In January, I heard a story about Florida Governor Rick Scott’s efforts to oppose the expansion of Medicaid in his state: http://m.npr.org/news/U.S./169060335.
The story was frustrating for several reasons. I have many relatives in Florida without health insurance. They don’t have very much money and thus would likely be eligible to benefit from this expansion. When I lived in Florida as an adult, I was also unable to get health insurance, as I was turned down due to pre-existing conditions. I worked full time for years without coverage. I got two undergraduate degrees and a masters without insurance. I worked for Florida State University both full-time before grad school and as a graduate student, with no health insurance.
It sucked. The inability to have a regular doctor guaranteed trips to the emergency room, the inability to effectively manage my conditions (including my asthma, which left me vulnerable and close to death quite a few times), and a reliance on samples of medication given to me by sympathetic poor-people-clinic doctors who applied the free drugs like bandaids to a gunshot wound.
In fact, one of the reasons I moved to California was because my university offered me healthcare, and I needed it. I couldn’t breathe, due to allergies and severe asthma. I missed too much work when my lungs closed. I had migraines. I was also starting to have trouble walking and immense back pain–at age 24. It was only when I was in California that I was able to be put on medications that control my asthma–I haven’t had to sleep with my rescue inhaler in my hand like I used to in The Sunshine State. It was only when I came here that I was able to get the tests to show that I had a severely herniated disc and that I needed surgery immediately. Obviously, finding out I needed surgery would have been pointless in Florida–I wouldn’t have been able to afford it (not that it was completely affordable here–I spent 1/3rd of my gross income that year on medical expenses and am still paying down debt from back then). My back pain would have increased–I would have likely ended up on disability, after going bankrupt trying to figure out what was wrong first.
Governor Scott was arguing that even though the federal government covers 100% of the costs of the Medicaid expansion for the first three years and 90% after that, that it was too expensive for Florida to help the poorest Floridians in this way. Independent agencies argued with his numbers, noting that he was ignoring important factors, like how expensive it is for taxpayers when people like me end up in the ER. His Congress told him his numbers were wrong.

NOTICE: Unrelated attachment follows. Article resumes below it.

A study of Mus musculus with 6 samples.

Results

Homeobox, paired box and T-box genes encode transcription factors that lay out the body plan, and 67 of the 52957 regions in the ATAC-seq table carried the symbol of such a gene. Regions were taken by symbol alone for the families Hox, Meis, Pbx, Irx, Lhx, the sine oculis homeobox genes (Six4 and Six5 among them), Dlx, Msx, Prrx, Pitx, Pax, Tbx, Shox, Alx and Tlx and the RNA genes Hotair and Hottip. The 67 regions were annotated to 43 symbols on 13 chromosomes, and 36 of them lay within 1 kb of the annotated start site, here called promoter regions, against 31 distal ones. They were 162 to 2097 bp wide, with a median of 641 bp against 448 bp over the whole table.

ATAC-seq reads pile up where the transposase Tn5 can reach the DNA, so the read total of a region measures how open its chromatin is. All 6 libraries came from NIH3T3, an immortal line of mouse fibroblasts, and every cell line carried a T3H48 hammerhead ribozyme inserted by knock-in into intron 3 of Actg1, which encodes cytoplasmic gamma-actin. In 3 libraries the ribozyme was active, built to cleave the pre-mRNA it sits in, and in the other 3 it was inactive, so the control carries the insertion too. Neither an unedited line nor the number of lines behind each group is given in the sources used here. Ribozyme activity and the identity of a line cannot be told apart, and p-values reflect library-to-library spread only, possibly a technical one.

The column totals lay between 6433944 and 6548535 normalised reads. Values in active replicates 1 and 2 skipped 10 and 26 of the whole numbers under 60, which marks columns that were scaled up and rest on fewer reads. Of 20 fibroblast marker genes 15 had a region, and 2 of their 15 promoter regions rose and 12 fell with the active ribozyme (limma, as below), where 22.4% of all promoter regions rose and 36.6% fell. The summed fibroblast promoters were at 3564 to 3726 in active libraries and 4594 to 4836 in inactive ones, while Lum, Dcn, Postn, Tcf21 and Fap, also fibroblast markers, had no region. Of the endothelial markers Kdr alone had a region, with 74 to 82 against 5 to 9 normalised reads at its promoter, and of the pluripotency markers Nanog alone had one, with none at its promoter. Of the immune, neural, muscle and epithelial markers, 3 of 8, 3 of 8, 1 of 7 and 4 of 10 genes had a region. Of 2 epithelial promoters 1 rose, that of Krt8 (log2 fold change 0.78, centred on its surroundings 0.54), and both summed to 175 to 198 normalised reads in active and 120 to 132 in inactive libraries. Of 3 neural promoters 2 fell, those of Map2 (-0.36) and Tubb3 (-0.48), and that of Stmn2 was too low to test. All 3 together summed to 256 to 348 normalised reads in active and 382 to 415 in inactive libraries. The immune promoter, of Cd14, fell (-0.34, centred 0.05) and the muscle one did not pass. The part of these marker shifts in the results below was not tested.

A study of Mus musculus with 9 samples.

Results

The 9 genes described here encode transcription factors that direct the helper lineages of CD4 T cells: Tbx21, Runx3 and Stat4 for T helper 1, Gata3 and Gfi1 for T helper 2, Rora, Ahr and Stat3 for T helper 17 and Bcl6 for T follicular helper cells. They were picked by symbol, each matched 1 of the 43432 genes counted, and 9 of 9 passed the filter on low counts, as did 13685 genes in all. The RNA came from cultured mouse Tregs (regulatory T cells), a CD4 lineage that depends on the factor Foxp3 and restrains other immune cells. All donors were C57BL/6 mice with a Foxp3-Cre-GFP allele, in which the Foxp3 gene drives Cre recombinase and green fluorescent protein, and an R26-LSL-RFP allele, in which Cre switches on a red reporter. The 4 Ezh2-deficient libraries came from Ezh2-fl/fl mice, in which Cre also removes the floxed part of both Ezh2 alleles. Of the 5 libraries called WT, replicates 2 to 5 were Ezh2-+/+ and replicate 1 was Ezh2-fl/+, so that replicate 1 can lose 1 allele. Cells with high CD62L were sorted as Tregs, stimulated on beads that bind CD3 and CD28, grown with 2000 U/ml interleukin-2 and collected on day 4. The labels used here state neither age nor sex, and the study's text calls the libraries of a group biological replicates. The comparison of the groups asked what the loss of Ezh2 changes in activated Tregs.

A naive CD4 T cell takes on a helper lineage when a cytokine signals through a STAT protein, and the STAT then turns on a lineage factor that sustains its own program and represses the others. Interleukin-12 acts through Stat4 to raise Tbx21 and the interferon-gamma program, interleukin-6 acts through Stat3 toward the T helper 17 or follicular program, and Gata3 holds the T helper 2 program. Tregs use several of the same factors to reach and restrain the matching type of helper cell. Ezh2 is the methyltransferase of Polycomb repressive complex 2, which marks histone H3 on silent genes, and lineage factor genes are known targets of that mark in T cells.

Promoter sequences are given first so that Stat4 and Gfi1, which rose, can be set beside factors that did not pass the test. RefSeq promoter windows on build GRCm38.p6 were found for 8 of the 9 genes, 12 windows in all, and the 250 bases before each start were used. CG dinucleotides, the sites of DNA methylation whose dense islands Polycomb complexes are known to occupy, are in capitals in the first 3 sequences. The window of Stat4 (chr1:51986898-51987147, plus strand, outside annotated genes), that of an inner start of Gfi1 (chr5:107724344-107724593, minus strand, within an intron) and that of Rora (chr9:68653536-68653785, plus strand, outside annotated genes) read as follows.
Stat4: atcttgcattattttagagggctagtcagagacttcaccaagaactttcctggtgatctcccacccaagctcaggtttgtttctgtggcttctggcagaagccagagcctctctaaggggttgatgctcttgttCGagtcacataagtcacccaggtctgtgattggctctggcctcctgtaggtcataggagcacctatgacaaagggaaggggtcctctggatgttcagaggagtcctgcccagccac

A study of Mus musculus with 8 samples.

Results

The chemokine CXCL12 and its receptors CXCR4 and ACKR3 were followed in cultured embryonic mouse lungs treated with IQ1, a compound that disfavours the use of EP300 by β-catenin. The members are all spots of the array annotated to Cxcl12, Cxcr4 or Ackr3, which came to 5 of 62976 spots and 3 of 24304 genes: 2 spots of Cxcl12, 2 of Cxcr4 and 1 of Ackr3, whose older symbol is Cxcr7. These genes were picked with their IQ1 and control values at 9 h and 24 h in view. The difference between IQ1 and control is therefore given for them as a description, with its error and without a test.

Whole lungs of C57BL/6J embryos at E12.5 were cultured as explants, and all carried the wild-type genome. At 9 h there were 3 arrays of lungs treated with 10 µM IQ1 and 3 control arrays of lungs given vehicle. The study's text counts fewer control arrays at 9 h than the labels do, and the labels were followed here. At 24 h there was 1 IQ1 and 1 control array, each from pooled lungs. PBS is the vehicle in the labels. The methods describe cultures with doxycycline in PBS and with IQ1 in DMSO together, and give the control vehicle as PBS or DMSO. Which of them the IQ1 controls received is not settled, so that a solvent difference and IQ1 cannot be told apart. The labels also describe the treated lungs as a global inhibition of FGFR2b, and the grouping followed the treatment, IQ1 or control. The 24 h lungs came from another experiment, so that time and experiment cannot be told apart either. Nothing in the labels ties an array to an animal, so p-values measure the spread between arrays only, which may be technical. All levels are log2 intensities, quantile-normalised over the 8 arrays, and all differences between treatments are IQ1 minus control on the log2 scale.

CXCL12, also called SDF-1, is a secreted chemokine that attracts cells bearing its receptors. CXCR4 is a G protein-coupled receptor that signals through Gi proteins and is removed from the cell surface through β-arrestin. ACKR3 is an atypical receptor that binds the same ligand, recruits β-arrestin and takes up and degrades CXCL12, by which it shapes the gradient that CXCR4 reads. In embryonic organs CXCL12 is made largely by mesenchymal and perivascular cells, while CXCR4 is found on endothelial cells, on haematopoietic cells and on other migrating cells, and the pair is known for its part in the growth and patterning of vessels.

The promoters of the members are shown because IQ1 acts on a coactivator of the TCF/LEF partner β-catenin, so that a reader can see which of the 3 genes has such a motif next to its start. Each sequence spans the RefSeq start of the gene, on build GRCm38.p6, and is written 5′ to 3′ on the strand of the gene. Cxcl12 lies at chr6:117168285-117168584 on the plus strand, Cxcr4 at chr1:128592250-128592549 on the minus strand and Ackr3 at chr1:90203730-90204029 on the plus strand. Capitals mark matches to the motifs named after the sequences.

After fighting and fighting and fighting, he revised his numbers to about 10th his original net cost estimate.
Yesterday, he did a full reversal and has committed to allowing the federal government help those in need in his state for at least three years: http://www.npr.org/blogs/health/2013/02/20/172523730/in-reversal-florida-gov-rick-scott-agrees-to-medicaid-expansion :
“‘Quality health care services must be accessible and affordable for all — not just those in certain ZIP codes or tax brackets,’ he said at the briefing. ‘No mother, or father, should despair over whether or not they can afford — or access — the health care their child needs. While the federal government is committed to paying 100 percent of the cost of new people in Medicaid, I cannot, in good conscience, deny the uninsured access to care.'”
He also said that the death of his mother helped put things into perspective.
Governor Scott was not governor when I was in Florida. I’m glad he’s been able to use tragedy positively–to allow himself to gain empathy and clarity.
I just wish politicians like Scott were touched by the rest of us, instead of just by what seems to affect their own families.
When I was struggling in Florida, I was someone’s mother. Although it may have given my son a lesson in basic universal rights and strengthened his ability to empathize, it would have been terrible for him to lose me to a preventable asthma attack or the pneumonia that almost took me away from him. He already had to deal with a mommy who said, “I’m sorry; I can’t pick you up, baby.” You see, even though he was still light as a young elementary student, there was no way the mystery pain in my back would allow me to play with him with the way I wanted to.
Governor Scott, the citizens this Medicaid program will help are my mother, my aunts and uncles, my cousins. They were always special to me. I was always special to them. We have always deserved to have access to the healthcare that could keep us alive, working, and supporting each other.
I’m glad you might finally see that.